When our children’s children look back through the pages of history decades from now, it won’t read ‘Man vs. Machine’. This story of willpower is a prime example of why.
Since the dawn of technology, the debate about whether man or machine runs the world has been a time-tested topic. One can argue that it has a right to be, given the countless advancements that have been made—and have yet to be made. It can even be argued that the very story of technology has its rightful place in society—and history, for that matter.
If we believe technology does indeed have a place in history, Zion Harvey has an incredible reason for that belief.
At age two, Zion had both of his hands amputated due to severe illness. Six years later—shortly after he turned eight—he suffered from kidney failure. He traveled to The Children’s Hospital of Philadelphia with his mother—Patti—soon after that in late July, where he underwent an extensive 12-hour surgery, so doctors could attempt to attach hands to his arms.
Prior to having the surgery. the places where Zion’s hands should be are reduced down to small, softball-like sockets. In the video above, he carefully and intelligently explains how his peers in school react to his disability.
“I don’t know what a child’s hand looks like. Sometimes, I think my classmates don’t mean to say mean things to me, but it just slips out. So whenever they say [or do] mean things, I just figure it slipped out.”
It was a very high risk procedure, as Dr. L. Scott Levin, head surgeon for the operation, expresses in the video.
“Each year, there are only 15 children that would even be eligible for donating hands. So, the fact that [Zion] was placed on a waiting list for hands in April—and three months later, this came along. That in and of itself is a remarkable story “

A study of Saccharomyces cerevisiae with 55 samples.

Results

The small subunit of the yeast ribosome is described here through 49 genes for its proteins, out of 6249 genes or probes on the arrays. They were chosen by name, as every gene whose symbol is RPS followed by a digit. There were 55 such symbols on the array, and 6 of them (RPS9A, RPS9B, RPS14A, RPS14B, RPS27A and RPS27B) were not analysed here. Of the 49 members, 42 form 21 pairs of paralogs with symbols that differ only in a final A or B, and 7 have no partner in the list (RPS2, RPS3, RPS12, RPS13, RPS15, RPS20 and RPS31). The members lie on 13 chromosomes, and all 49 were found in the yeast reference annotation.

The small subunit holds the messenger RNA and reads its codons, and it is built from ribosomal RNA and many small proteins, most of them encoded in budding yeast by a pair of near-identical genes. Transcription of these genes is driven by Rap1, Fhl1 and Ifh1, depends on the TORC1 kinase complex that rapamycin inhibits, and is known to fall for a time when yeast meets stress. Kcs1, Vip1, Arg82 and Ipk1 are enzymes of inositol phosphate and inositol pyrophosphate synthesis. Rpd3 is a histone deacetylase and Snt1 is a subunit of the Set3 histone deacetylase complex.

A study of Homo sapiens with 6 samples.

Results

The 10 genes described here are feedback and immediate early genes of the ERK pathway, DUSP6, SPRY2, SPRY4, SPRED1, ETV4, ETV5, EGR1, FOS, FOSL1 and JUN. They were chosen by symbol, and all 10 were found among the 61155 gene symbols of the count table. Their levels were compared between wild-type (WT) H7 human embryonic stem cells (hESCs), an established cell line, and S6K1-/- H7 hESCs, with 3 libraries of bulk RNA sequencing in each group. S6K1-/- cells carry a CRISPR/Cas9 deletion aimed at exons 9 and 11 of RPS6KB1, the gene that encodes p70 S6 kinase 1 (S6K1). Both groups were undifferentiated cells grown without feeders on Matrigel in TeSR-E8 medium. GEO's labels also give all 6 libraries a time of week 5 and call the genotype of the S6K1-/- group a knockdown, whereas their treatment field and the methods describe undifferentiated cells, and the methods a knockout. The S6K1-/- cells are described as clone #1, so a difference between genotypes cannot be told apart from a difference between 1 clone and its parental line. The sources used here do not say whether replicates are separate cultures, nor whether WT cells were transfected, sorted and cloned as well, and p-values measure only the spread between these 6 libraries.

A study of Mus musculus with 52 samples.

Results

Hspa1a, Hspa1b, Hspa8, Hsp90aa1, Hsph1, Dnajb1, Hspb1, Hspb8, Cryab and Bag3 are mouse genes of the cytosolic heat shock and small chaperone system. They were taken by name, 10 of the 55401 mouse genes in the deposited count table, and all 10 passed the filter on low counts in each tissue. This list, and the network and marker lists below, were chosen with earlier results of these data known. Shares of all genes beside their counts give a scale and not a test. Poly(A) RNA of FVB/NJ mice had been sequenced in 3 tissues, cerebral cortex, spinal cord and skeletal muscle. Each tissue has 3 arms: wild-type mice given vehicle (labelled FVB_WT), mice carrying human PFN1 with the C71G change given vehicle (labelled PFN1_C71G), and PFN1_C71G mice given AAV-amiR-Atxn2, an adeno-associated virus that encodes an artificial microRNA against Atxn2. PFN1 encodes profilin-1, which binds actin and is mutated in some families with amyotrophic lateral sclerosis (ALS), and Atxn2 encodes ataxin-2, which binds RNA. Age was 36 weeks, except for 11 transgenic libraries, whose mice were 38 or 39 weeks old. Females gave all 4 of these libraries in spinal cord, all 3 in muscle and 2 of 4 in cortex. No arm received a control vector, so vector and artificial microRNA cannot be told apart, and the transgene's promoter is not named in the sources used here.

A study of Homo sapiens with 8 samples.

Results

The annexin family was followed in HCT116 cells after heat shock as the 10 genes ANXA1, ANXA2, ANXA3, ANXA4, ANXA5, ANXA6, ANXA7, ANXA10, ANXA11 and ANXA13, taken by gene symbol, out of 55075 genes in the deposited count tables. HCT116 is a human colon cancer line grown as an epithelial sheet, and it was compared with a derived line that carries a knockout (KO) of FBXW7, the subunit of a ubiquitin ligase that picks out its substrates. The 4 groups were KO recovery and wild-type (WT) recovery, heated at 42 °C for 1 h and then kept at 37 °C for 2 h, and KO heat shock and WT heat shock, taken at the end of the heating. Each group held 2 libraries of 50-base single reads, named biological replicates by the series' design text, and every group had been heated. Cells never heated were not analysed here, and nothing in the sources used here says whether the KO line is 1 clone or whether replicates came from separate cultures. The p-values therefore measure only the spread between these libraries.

Dr. Levin goes on to say that this type of transplant surgery brings new hope not only for adults, but particularly for children in similar situations like Zion’s. He’s the first child in medical history to undergo this procedure and successfully recover from it.
“When I met Zion, I said, ‘Why do you want hands?’ He said, ‘I want to swing on the monkey bars,'” Levin says with a gleam of hope.
Today, as this eight-year-old boy faces a world of uncertainty, he knows one thing for sure: He now has two hands, which means he can swing all he wants and continue to conquer the world.
In many cases, machines work against man. This, however, is a beaming, shining example of what man and machine are capable of when they work together towards common good. It also offers a glimpse of where the world is headed in terms of technology in the medical field. Not only that, but this is a story about a boy who could teach grown men and women about life.